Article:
Top tips of how British drivers can avoid becoming victims of the French fuel shortage have been issued.
They come from Footman James’ breakdown cover provider Axa Assistance ahead of the holiday season and the Euro 2016 tournament being staged there.
The advice could prevent motorists from running out of petrol or at least minimise the damage.
Some French local councils have imposed fuel-buying restrictions.
This follows workers blockading fuel depots in protest against controversial changes to the country’s labour laws.
This led to six out of eight French oil refineries being disrupted last week.
Some forecourts may have no kinds of certain fuel in stock, while others may have imposed fuel rationing.
Axa Assistance recommends that drivers check relevant websites before motorists set off, and one in particular. A handy website called Mon-essence.fr helps drivers work out which stations do and do not have petrol or diesel available. Data from its mobile app’s users have helped it plot the map.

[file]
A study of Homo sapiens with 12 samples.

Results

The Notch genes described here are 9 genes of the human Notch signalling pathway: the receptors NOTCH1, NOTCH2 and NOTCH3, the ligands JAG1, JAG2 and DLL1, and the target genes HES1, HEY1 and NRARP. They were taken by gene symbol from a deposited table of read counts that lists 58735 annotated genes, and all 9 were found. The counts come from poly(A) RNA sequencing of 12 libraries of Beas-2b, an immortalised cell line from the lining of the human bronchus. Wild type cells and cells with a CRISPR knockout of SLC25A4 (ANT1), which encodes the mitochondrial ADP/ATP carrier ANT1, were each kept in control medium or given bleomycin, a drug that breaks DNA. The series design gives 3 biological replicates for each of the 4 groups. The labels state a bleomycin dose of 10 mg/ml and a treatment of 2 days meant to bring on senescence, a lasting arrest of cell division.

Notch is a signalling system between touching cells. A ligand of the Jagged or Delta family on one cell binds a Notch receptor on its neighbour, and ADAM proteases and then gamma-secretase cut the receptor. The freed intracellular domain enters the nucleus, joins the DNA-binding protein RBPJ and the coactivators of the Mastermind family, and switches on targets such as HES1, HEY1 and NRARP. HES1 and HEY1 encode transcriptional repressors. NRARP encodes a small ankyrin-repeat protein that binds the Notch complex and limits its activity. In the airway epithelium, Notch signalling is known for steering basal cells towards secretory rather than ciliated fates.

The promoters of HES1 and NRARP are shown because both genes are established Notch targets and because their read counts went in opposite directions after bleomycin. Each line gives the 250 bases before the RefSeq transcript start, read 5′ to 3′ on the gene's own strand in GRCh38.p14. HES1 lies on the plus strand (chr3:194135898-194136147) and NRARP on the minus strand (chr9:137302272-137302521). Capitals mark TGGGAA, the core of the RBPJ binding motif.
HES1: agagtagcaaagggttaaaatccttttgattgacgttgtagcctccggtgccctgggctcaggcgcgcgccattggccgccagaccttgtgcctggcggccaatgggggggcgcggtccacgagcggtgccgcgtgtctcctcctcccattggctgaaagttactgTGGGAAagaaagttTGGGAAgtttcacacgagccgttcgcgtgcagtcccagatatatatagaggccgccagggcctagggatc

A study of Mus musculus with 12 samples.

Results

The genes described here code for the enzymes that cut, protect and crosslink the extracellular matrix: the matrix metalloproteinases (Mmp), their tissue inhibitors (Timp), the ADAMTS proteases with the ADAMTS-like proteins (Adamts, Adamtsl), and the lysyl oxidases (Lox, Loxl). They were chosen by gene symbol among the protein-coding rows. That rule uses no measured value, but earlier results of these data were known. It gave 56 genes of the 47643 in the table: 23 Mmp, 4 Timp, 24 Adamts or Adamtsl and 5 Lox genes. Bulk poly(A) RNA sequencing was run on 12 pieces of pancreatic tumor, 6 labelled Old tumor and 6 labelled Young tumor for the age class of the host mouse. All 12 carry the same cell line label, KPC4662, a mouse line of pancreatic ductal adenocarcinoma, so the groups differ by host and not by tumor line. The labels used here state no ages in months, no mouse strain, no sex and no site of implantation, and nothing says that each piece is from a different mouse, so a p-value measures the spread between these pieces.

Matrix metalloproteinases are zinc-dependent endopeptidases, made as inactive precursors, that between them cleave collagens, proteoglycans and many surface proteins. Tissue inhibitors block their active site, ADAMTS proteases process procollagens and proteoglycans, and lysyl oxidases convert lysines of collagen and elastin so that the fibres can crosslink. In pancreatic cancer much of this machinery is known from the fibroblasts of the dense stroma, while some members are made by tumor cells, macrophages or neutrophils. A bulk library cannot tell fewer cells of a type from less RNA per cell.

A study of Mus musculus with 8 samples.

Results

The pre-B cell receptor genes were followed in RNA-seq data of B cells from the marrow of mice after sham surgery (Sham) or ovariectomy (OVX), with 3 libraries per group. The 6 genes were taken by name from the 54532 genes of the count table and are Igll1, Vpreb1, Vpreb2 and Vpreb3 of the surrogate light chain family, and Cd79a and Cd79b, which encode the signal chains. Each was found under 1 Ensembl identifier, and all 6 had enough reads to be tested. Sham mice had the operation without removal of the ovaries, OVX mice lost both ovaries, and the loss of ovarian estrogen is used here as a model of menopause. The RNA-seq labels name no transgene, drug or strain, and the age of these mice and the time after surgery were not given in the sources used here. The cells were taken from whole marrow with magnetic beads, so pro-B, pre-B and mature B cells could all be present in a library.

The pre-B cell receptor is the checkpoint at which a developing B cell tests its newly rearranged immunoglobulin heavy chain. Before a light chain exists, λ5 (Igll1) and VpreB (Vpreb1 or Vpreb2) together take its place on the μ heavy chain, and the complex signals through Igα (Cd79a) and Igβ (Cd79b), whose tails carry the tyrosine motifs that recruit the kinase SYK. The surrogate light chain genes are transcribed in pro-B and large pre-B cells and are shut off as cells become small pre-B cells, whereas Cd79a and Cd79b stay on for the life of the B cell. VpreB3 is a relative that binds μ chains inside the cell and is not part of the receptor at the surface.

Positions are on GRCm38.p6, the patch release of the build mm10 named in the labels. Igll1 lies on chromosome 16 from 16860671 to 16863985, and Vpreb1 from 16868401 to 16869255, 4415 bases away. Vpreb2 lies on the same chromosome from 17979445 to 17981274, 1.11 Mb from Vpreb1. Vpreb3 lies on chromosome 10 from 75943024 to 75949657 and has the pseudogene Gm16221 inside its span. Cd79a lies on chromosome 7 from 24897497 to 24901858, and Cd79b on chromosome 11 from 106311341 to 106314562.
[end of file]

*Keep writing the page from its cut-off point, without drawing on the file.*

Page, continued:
It also says that motorists should fill up their tank full before crossing the Channel.
Motorists may have to be prepared to drive from A to B via C, D and even Z if they want to find regular working petrol stations, Axa Assistance says. So they should consider alternative routes.
Things to keep in mind
Drivers are being advised to take enough water and food to keep them going should they run out of diesel or petrol, especially with the warmer weather bringing the threat of dehydration.
Axa Assistance also urges them to have a Plan B. This means researching whether drivers could undertake their journey using other transport methods.
What Axa Assistance has pledged to its customers
It will be able to do its utmost to ferry drivers to the closest garage possible. What it cannot promise is that the garage will have fuel available.
But it will go on offering breakdown assistance throughout France wherever possible. Axa’s own breakdown vehicles may be subject to the same shortages themselves.
It won’t be able to guarantee keeping to the prompt schedules that its customers have become used to. Nor will it take cars abandoned because of a lack of fuel back to Britain where drivers and passengers have already returned themselves.